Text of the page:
Children’s Oncology Isolation Unit Opens in Pretoria
September 2015: CANSA officially opened its CANSA Tough Living with Cancer (TLC) Brian Davey Step Down Unit in September 2015, housed at the Steve Biko Academic Hospital in Pretoria.
The unit, which serves the Steve Biko, Unitas and Pretoria East hospitals, provides a sterile but family friendly environment where children can safely prepare for, or recover from, stem cell transplants and build up their immune systems, without risk of infection.
Says CANSA’s CEO, Elize Joubert, “In a typical stem cell transplant for cancer, very high doses of chemotherapy are used, often along with radiation therapy, to try to destroy all the cancer cells. This treatment also kills the stem cells in the bone marrow. Soon after treatment, stem cells are given to replace those that were destroyed. These stem cells are given into a vein, much like a blood transfusion. Over time they settle in the bone marrow and begin to grow and make healthy blood cells.”
Children recovering from such a transplant are still at high risk of exposure to infections and need to stay in isolation for some time. The time taken for this process to be completed differs from child to child and may also be further complicated should the patient develop graft-versus-host disease, where the procedure is not successful.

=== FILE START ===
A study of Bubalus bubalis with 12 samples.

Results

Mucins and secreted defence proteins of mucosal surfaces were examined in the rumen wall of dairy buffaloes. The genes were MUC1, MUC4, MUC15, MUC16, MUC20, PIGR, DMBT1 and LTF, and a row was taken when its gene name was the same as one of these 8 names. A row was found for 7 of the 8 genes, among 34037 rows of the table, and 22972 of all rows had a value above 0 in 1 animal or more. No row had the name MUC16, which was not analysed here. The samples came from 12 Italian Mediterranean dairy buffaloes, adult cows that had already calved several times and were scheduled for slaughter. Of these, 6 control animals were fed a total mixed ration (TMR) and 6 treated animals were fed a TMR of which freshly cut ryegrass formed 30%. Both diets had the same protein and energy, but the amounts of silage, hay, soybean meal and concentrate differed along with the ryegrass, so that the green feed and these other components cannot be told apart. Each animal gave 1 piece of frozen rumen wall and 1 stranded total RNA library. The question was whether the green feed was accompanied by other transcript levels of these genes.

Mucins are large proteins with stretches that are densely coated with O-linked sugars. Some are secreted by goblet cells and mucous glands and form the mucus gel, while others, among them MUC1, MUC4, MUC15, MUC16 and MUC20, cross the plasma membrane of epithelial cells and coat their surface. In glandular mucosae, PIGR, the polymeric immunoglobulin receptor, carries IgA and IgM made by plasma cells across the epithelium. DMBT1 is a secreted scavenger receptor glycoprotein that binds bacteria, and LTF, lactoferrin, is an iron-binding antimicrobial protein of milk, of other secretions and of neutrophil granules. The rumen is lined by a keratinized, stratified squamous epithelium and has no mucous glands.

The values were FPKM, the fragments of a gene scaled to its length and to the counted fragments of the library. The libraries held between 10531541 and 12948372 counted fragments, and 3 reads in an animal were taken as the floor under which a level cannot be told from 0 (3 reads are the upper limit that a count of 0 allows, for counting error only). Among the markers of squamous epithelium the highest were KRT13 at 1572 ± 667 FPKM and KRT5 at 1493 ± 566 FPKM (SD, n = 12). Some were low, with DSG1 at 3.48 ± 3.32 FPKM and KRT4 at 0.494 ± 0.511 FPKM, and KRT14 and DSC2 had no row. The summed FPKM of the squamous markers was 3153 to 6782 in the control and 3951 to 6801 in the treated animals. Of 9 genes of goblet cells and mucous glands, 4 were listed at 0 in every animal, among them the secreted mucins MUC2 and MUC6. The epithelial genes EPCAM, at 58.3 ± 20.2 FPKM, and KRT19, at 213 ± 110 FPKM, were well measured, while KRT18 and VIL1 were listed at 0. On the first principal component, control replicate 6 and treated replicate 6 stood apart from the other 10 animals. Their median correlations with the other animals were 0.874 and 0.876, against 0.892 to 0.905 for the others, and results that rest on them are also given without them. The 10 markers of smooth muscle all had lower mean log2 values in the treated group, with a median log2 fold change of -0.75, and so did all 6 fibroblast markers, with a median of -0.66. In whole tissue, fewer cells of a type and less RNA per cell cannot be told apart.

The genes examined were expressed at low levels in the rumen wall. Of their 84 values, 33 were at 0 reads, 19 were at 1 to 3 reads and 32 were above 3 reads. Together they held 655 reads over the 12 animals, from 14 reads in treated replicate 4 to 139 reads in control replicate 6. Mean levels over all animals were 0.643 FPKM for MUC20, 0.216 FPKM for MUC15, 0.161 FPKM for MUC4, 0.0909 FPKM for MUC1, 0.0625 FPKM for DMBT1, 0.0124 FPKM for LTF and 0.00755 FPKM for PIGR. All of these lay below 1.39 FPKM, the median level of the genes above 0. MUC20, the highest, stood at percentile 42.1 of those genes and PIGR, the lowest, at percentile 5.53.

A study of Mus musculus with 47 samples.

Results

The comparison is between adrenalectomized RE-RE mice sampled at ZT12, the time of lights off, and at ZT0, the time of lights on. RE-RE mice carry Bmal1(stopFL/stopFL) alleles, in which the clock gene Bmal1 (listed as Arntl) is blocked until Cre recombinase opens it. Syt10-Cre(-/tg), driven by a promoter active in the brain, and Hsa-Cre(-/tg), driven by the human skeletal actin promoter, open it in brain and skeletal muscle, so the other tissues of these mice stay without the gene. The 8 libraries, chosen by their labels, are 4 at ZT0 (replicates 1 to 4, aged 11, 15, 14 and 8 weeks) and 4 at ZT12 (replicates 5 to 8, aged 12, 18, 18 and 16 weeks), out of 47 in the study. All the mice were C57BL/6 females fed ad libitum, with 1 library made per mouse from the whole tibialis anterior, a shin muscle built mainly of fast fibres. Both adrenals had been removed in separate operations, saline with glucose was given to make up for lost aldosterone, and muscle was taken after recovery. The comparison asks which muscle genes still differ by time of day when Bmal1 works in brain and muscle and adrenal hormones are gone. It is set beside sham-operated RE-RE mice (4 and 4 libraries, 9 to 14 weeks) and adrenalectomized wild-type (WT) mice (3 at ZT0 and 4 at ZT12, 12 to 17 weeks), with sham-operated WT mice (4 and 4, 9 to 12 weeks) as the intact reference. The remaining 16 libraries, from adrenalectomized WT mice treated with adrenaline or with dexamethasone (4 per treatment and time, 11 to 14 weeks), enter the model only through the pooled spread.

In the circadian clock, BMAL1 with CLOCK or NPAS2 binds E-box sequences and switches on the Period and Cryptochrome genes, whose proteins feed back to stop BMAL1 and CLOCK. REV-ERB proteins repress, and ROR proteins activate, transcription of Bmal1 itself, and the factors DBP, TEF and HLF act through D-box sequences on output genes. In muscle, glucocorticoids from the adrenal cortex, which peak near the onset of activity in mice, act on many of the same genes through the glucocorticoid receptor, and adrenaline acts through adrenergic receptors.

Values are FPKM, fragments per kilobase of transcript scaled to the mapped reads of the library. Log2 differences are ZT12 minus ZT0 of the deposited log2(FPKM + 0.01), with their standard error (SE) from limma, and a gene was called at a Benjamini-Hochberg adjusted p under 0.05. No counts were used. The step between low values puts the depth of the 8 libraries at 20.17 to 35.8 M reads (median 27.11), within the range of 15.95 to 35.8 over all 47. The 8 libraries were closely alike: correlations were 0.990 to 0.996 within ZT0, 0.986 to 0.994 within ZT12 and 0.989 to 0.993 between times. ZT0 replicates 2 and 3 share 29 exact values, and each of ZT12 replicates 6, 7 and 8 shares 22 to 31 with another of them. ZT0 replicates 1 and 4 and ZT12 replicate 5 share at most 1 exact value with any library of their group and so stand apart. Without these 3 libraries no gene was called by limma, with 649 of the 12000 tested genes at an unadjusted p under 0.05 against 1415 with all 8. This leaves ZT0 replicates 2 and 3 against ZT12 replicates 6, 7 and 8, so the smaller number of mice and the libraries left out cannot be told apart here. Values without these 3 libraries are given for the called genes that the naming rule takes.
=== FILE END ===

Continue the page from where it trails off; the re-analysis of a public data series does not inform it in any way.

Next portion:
The unit caters for children being treated for all types of leukaemia. The patients and one of their parents or a guardian are accommodated for free if they are undergoing treatment at one of the three hospitals and are referred by a specialist. The aim is to shorten the hospitalisation period of the children, who are discharged when they are out of risk but still need daily check-ups. The step down unit doesn’t offer treatment and should a child relapse, he or she will be immediately re-admitted to hospital. The unit offers them easy access to the treatment units and treating doctors.
Many of the patients stay far from the hospital and otherwise have no choice but to be hospitalised for the complete period – using the isolation ward space and preventing the admission of other patients.
Home Away from Home
“Whether it’s before or after a transplant, it’s not an easy experience for any patient, let alone a child,” says Joubert. “That’s why we’ve worked to ensure that the unit is more like a ‘home away from home’ and have included the comforts that will make the patient’s stay as pleasant as possible.”
The unit can accommodate three children, each with one parent, at a time. Each room has an en suite bathroom and, as the children improve, they can start to move around within the lodge. In addition to the three rooms, two bedrooms have been converted into a TV room and a computer room. Another space has been converted into a visitors’ room.
Dedicated to the memory of Rotary Club of Benoni Van Ryn member late Brian Davey who suffered from acute lymphocytic leukemia, the unit is the result of the combined efforts and support of CANSA, Outsurance, KPMG and the Rotary Club of Waterkloof and Rotary’s sister club Inner Wheel.
“CANSA has been keen to address the challenge of setting up a facility such as this for some time,” says Joubert.
Together with its partners, CANSA revamped existing facilities at the CANSA TLC Nicus Lodge, used for general peadiatric oncology accommodation, into an environment more suitable for isolation recovery. The floors were replaced with epoxy flooring, the walls painted with an antibacterial paint and the kitchen work surfaces replaced with a durable material that is easy to clean.